Bryan Rolli

White Reaper keyboardist Ryan Hater began the band’s Wednesday afternoon set at Lambert’s the same way so many SXSW patrons begin their adventures: thirsty.

“I’m gonna need two things. The first one is a shot of tequila,” he told the audience. “And I’m gonna need everybody to come in and have more fun, because it feels like I’m at a college graduation party.”

Eventually, Hater got both his wishes, which should come as no surprise, given White Reaper’s rapid ascendancy over the past year. The Louisville, Kentucky garage-punk quintet blends snotty, adenoidal vocals and twin-guitar harmonies à la Thin Lizzy to irresistible effect, and many months on the road have brought them dangerously close to fulfilling the superlative of their latest album, 2017’s “The World’s Best American Band.”

Rousing a daytime audience from its midweek slump is no easy feat, but White Reaper proved up to the task, as did hard-rocking Seattle quartet Thunderpussy. Yes, all of the band members are women, and no, they were not particularly interested with talking about the dynamics of being the “girl in a band” at Lambert’s. They were too preoccupied with shredding furious, wah-drenched guitar solos and breakneck drum-and-bass grooves, as lead singer Molly Sides howled into her vintage microphone and writhed onstage, the light catching on her sequined dress. If White Reaper is “The World’s Best American Band,” then Thunderpussy is undoubtedly the coolest.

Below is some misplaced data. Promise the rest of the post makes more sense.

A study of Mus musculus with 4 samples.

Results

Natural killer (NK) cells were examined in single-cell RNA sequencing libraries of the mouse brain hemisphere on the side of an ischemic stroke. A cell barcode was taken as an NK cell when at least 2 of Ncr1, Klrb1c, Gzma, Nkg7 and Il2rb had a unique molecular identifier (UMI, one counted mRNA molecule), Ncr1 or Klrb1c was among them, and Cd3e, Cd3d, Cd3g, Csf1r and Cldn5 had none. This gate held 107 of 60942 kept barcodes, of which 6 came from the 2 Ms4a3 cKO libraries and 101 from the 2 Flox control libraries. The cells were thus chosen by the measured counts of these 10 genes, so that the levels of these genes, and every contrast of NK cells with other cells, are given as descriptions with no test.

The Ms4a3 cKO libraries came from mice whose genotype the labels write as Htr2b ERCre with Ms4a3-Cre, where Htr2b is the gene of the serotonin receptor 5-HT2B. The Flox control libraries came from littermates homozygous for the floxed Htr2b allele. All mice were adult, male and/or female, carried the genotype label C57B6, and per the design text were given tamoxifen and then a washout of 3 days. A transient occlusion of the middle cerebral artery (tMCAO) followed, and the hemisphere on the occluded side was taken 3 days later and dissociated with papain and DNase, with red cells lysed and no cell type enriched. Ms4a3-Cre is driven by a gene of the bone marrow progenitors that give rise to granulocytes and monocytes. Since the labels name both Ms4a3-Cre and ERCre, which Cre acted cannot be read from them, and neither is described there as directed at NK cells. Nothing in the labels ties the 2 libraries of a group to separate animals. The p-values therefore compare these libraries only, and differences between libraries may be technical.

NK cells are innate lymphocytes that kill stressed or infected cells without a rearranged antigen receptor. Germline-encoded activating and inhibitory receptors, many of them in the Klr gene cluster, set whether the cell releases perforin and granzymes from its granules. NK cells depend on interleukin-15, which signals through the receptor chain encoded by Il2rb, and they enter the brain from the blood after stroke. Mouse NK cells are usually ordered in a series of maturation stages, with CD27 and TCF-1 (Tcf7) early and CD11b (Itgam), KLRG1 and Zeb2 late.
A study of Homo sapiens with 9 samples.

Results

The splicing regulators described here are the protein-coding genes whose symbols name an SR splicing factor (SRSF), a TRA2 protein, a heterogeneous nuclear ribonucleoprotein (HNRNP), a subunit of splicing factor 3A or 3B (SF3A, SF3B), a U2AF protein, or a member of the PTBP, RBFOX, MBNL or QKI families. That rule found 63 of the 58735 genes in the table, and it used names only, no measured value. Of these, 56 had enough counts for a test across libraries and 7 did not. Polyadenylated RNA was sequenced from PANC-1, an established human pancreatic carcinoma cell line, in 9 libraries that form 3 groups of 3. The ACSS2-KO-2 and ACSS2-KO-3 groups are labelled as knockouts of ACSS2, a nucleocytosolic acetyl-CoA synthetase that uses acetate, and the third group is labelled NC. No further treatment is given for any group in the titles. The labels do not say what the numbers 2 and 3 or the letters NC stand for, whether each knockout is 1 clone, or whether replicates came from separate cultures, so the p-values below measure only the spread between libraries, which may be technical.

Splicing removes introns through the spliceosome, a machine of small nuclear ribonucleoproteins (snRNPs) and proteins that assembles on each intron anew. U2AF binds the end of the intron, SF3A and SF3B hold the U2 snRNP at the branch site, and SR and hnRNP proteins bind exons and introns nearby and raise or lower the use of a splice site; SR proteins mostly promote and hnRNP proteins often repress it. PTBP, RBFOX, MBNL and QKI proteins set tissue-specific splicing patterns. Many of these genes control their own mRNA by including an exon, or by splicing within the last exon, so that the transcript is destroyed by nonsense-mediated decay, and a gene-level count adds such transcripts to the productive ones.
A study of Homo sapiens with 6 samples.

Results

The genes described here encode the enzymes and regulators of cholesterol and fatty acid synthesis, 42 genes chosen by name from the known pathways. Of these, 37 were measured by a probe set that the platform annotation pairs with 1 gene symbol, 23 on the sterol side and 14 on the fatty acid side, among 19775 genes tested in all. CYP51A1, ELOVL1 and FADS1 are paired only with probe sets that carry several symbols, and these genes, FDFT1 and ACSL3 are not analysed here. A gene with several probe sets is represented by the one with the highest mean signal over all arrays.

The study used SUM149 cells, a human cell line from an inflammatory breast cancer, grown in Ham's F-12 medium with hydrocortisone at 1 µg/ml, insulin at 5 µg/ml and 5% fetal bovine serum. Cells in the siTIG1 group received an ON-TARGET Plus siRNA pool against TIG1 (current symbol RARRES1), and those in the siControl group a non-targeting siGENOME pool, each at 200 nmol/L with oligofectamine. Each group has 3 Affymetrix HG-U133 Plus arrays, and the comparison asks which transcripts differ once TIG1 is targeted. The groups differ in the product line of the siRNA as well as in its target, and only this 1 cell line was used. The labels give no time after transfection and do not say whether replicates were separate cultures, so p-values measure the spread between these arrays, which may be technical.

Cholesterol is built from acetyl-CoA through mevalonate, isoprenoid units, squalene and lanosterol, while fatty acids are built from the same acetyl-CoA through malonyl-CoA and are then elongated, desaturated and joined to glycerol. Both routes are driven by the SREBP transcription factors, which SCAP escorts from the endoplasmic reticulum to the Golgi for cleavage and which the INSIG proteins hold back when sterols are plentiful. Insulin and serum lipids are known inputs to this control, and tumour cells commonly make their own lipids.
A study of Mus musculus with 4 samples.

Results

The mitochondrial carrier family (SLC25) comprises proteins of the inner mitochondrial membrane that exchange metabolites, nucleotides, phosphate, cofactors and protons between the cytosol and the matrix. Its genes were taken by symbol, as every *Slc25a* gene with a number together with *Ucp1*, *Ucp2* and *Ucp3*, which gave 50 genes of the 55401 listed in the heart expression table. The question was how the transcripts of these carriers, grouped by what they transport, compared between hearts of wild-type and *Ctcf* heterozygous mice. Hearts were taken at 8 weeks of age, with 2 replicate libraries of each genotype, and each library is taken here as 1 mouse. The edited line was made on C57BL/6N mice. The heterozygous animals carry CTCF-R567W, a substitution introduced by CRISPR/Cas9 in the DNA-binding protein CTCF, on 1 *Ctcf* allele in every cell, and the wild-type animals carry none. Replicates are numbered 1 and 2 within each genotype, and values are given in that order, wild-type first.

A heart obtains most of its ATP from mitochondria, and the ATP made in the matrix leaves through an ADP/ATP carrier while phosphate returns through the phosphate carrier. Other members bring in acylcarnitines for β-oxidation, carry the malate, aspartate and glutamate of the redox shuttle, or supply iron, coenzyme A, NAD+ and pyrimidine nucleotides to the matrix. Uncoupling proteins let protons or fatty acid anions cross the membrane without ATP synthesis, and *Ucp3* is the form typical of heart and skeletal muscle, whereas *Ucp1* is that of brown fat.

After those exhilarating sets, one could almost forget that Albert Hammond Jr. was headlining the daytime showcase — almost. The guitarist took the stage to waves of applause and cordially greeted the audience, “Hey everyone, welcome to the Hotel California.” And suddenly it was obvious whom everybody had come to see.

Despite playing arenas and headlining festivals around the world with the Strokes, Hammond showed no traces of customary rock star pretension onstage. He jumped to whack the ceiling and danced earnestly with his bandmates, often defaulting to playing rhythm as his other two guitarists traded solos. Hammond’s new solo album, “Francis Trouble,” features the same dicey riffs and anthemic choruses that made early Strokes hits so sublime, and the guitarist reveled in his bandleader status, a refreshing foil to Julian Casablancas’ brooding insularity.

Hammond has several more SXSW shows on the docket this week, including Stubb’s outdoor stage and the enormous SXSW Outdoor Stage at Lady Bird Lake. Those stages might offer more room to flaunt, but on a Wednesday afternoon at Lambert’s, Hammond proved he’s a rockstar at any level.